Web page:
ALLCA Disruptive Rugs

Handwoven rugs made from post-consumer plastic waste, digitally printed

ALLCA Disruptive Rugs

The project

Handwoven rugs made from post-consumer plastic waste, digitally printed.

Our fast-paced day-to-day lifestyle has disconnected us from the intrinsic value of the objects around us and how they were created.
The challenge is to find a sustainable process by using recycled materials, optimising the manufacturing process and extending the whole life cycle valuing the human and material resources that are involved in rug manufacturing to make the consumer more conscious of the processes involved.

Revitalise traditional rug manufacturing with a new approach introducing a circular business model creating a 100% recycled polyester rug from plastic bottles. The entire rug will be made from a single material, simplifying its manufacture and waste management. Production will be more sustainable, avoiding dyeing and using instead digital printing to obtain a unique product for a unique space.
With the help of new digital printing equipment, thepartnership will:
1- Introduce colour into a textile with greater thickness.
2- Use nontoxic inks.
3- Excellent performance (outdoor).
4- Faster production.
This combination of material and process will standardise production, minimise stock and simplify distribution.



After several years working for leading fashion companies, I found myself lost in a deep need for meeting my own purpose and creating something meaningful, away from massive consumption: to create, aligned with conscious values and slow processes. Enhanced by my artistic background, I started imagining how to hybridise illustration with product design, which finally materialized into illustrated rugs, conceived as unique and artistic pieces. I especially remember one sunny morning. Finally I realized that this project could be my form of expression, but also because of that, a demanding path of energy and knowledge. A challenge, at that time imprecise but also motivating.As a textile graphic designer, millions of artistic references arose to my mind. I really loved the idea of reimagining the rug as a white canvas, open to crazy approaches and diagonal collaborations. It was this aim of intervening textiles in a wide graphic range that led me to consider digital printing as my innovative way to give birth to the pieces.

ALLCA Disruptive Rugs - image 1
ALLCA Disruptive Rugs - image 2

Our project was born surrounded by many questions: why another rug  business? How could I make a rug with no previous experience? What do rugs represent in our daily lives? Besides all these doubts, a severe environmental crisis was (is) devastating our planet. My focus was specially on how our oceans are filled with tons of plastic waste. Fortunately, the use of new bio, organic and natural resources is increasing in the industry, especially in fashion. But still, there is a stark reality that we have to face: we are surrounded by plastic and it lasts almost forever. That problem was the final push to undertake this adventure, where a recycled polymeric fibre would be the seed to grow my white canvas. Just one recycled and recyclable monomaterial, looking to close the circle.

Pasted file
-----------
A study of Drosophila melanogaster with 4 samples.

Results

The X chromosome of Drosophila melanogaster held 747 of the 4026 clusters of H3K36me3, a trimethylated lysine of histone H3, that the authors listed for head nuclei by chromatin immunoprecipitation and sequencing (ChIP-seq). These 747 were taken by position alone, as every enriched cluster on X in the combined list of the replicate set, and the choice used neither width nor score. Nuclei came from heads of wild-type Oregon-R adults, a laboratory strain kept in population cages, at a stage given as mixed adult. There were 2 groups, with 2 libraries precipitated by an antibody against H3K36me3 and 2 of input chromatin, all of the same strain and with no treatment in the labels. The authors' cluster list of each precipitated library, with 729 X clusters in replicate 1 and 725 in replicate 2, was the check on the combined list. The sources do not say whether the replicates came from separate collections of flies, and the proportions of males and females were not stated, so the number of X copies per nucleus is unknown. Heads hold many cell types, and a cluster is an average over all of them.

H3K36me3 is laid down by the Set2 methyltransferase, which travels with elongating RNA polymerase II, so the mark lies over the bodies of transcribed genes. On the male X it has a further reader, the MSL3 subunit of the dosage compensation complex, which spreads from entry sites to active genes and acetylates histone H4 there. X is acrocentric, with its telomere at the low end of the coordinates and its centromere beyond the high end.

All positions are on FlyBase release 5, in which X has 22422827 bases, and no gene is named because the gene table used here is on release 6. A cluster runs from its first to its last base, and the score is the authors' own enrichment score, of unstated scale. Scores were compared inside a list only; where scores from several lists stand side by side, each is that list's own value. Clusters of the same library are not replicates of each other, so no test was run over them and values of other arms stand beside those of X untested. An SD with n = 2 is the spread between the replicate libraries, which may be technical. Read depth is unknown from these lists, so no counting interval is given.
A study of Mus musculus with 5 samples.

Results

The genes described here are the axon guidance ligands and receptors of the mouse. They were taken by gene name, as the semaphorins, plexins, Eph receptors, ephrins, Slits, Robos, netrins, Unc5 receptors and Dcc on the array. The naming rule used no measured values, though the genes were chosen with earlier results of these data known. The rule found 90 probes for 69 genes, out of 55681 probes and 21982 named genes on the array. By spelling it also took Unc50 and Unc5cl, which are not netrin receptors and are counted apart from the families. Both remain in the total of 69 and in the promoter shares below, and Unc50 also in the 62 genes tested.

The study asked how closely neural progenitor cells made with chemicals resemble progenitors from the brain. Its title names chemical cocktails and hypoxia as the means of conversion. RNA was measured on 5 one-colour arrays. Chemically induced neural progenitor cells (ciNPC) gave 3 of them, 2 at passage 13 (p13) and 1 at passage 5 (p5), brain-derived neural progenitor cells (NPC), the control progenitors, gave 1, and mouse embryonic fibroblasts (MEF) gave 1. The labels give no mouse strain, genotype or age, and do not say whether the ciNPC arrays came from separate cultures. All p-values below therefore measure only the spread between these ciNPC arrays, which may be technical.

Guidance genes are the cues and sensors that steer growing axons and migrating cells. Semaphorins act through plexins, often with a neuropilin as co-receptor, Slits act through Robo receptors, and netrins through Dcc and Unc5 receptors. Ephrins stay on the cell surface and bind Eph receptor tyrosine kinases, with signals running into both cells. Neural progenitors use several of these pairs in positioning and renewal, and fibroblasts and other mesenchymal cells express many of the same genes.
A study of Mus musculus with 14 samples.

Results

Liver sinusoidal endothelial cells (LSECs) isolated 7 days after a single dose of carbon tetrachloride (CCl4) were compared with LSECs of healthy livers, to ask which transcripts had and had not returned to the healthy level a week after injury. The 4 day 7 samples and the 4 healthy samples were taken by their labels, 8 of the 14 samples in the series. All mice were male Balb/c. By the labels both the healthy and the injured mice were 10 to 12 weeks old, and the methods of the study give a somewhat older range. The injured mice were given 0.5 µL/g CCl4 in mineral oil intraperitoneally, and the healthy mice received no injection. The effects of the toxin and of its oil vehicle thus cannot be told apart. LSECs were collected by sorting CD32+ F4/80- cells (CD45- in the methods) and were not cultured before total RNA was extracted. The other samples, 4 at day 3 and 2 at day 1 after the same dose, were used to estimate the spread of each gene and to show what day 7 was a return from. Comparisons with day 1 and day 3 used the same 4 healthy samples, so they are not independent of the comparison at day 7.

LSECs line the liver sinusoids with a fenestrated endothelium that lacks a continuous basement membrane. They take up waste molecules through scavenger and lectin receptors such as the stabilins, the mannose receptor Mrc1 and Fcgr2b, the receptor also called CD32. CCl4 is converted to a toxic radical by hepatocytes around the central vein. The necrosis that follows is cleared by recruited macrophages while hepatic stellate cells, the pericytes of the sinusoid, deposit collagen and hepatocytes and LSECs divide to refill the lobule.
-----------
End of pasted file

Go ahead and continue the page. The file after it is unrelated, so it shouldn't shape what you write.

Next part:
ALLCA Disruptive Rugs - image 3
ALLCA Disruptive Rugs - image 4

We make rugs, but not just rugs. We make unique pieces that emanate from an original concept and aesthetic. Our project supposes the exploration of new ways of expanding graphic possibilities; it is research, dialogue and fusion between art and design. Nevertheless, the way to achieve this wasn’t always clear. Even though we knew that using recycled polymeric fibres was a good starting point, we didn’t know how the material would react with the digital printing technique, so we had to design a new process from scratch. Fortunately, our intuition guided us to achieve an innovative production that reduces water footprint ten times more than a regular process.



ALLCA Disruptive Rugs - image 9
ALLCA Disruptive Rugs - image 10

 We understand collaboration as the opportunity to learn from others who you share a goal with. That means that the result is not the aim of the process, but it’s actually the process the most meaningful part itself. Learning is an attitude that’s deeply moved by knowing “the other”. Curiosity, and a will to step outside our comfort zone, to push ourselves to create; this lead us to embark on this entrepreneurial venture.The more different the background, the more interesting the approach will be.



Projects Edition
  • WORTH Partnership Projects I
Project Call
  • 2nd Call Projects
Project Sector
  • Textile - Fashion
Project Challenge
  • Circular Economy



Haizea Nájera is a textile illustrator based in Madrid.

She currently works for a kidswear brand that combines with her own line of plastic and graphic research, exploring new forms of expression and applied art.

After graduating in Fine Arts with a Design and Illustration Master’s Degree, she has focused her career on the fashion business for more than 6 years, working for leading fashion brands, trend-setting agencies and as a freelance artist.


Hamdi Yenerer graduated as a Business Administrator. His family has been in the carpet business for more than 50 years. Before starting his own business, he worked in a well-known textile design company. Hamdi has an in-depth knowledge of carpet manufacturing.